Kyu Ho Youm

The article is an informative summary of Dean Chemerinsky's excellent keynote speech. His thoughtful suggestions deserve careful attention from those who wish for more, not less, access to the Supreme Court. In one way or another, the Supreme Court is trailing, not leading, the rest of the world in making judicial proceedings accessible, especially in the global 21st century. I hope the Chemerinsky speech will be available to the public ASAP, for it should be widely disseminate--yes, well beyond the BYU Law School.

RG

The author ignores the real problem with the Court -- It has become openly political. When justices attend and speak at political fundraisers, and a justice's wife gets more than double his salary for political advocacy on behalf of people with a strong and extreme political agenda that he fails to disclose, then the public would be crazy NOT to question the ethics of the court and the validity of its opinions. It looks like the court is for sale, just like our politicians. The only way to address this is to STOP IT! If a justice and his family cannot live on the salary the justice is paid, then that justice should resign.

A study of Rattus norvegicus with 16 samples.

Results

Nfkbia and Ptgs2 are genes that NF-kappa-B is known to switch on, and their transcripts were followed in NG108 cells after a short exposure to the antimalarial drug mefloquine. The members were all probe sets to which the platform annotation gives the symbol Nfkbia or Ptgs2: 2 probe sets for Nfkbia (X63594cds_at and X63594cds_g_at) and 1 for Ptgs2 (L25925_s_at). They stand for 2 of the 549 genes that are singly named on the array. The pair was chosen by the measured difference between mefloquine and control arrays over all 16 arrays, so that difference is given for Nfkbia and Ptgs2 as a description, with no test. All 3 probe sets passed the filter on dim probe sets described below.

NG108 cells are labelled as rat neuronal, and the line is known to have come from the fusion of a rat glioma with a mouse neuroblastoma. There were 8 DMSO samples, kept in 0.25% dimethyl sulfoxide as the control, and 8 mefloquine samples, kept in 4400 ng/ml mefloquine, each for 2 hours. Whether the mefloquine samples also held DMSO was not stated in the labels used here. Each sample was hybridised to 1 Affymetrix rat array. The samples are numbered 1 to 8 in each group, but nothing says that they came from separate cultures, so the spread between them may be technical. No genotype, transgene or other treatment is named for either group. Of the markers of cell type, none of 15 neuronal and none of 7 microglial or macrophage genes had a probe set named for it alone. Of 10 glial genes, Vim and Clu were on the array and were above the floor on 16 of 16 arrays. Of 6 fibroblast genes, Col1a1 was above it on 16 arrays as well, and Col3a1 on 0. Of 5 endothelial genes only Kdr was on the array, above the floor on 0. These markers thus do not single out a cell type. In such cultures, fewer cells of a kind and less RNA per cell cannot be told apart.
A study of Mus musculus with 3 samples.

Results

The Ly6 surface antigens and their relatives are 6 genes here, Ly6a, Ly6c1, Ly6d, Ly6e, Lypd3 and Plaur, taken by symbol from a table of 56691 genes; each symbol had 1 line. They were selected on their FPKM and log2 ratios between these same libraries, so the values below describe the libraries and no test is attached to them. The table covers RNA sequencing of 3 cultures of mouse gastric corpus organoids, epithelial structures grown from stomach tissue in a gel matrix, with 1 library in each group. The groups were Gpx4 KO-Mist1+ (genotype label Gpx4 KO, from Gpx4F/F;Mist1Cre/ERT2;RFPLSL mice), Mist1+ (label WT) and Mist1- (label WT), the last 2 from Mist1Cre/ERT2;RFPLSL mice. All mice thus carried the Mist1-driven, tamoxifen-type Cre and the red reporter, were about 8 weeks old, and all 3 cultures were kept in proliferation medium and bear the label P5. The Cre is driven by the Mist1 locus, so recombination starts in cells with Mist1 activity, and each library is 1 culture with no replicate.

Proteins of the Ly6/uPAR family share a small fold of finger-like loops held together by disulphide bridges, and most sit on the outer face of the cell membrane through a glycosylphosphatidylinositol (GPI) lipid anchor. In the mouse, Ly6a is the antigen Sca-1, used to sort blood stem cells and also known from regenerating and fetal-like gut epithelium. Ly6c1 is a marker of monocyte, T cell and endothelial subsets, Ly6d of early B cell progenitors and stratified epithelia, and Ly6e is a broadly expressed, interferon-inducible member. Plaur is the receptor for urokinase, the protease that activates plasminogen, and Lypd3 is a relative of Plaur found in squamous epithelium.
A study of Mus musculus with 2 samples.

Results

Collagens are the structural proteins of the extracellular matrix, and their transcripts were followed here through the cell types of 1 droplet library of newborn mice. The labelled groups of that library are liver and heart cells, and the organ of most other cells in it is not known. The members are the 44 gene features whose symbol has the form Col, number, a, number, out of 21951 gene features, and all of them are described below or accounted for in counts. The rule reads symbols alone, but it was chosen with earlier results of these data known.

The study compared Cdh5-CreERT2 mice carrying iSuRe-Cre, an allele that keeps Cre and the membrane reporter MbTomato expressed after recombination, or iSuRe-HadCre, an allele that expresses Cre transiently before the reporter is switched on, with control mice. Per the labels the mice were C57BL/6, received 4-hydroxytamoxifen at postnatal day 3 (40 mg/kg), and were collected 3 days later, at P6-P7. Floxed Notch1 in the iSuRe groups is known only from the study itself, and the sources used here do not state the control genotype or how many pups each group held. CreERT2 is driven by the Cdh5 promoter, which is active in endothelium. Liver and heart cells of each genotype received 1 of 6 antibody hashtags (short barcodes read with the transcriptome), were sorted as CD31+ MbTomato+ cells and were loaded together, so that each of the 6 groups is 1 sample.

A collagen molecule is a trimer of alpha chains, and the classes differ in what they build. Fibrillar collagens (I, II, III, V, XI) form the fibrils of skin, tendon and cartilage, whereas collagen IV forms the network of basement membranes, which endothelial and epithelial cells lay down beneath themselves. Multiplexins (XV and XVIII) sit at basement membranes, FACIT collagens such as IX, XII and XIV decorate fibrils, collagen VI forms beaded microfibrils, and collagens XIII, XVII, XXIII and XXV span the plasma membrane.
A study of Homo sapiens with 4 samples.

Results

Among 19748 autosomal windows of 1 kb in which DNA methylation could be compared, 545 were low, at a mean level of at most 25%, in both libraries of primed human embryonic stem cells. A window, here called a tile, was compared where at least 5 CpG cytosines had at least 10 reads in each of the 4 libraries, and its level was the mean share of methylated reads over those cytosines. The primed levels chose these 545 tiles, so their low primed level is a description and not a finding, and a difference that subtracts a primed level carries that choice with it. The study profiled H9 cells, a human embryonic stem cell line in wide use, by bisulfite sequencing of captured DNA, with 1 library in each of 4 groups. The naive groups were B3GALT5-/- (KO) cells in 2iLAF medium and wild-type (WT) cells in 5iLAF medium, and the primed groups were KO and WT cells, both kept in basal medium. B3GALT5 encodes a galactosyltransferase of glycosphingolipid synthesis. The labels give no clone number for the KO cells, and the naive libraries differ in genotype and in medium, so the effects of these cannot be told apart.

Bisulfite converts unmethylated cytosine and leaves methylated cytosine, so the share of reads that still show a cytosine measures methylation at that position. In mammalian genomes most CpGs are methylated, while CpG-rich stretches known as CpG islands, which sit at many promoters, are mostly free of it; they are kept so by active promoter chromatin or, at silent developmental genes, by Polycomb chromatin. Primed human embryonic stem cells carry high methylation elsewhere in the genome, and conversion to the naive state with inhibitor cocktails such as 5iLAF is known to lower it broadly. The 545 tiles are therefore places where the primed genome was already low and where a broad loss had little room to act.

Joe

The idea of explaining each refusal is imho off but no one bats a 1.00.

The clear headnotes idea makes sense. This would be particularly helpful when five justices split on the reasoning. The headnotes can get particularly confusing there, including apparently to lower courts.

A summary of concurrences and dissents would be helpful too.

Simon

The court receives roughly a petition for cert every hour (9000 cases divided over 365 days); I think that as punishment for his inane proposal to explaining each denial, Dean Chemerinsky should be forced to write the denial memo in every case filed until he recants. People familiar with the court's docket, however, will realize that that's cruel and unusual punishment, and he'd break before day's end.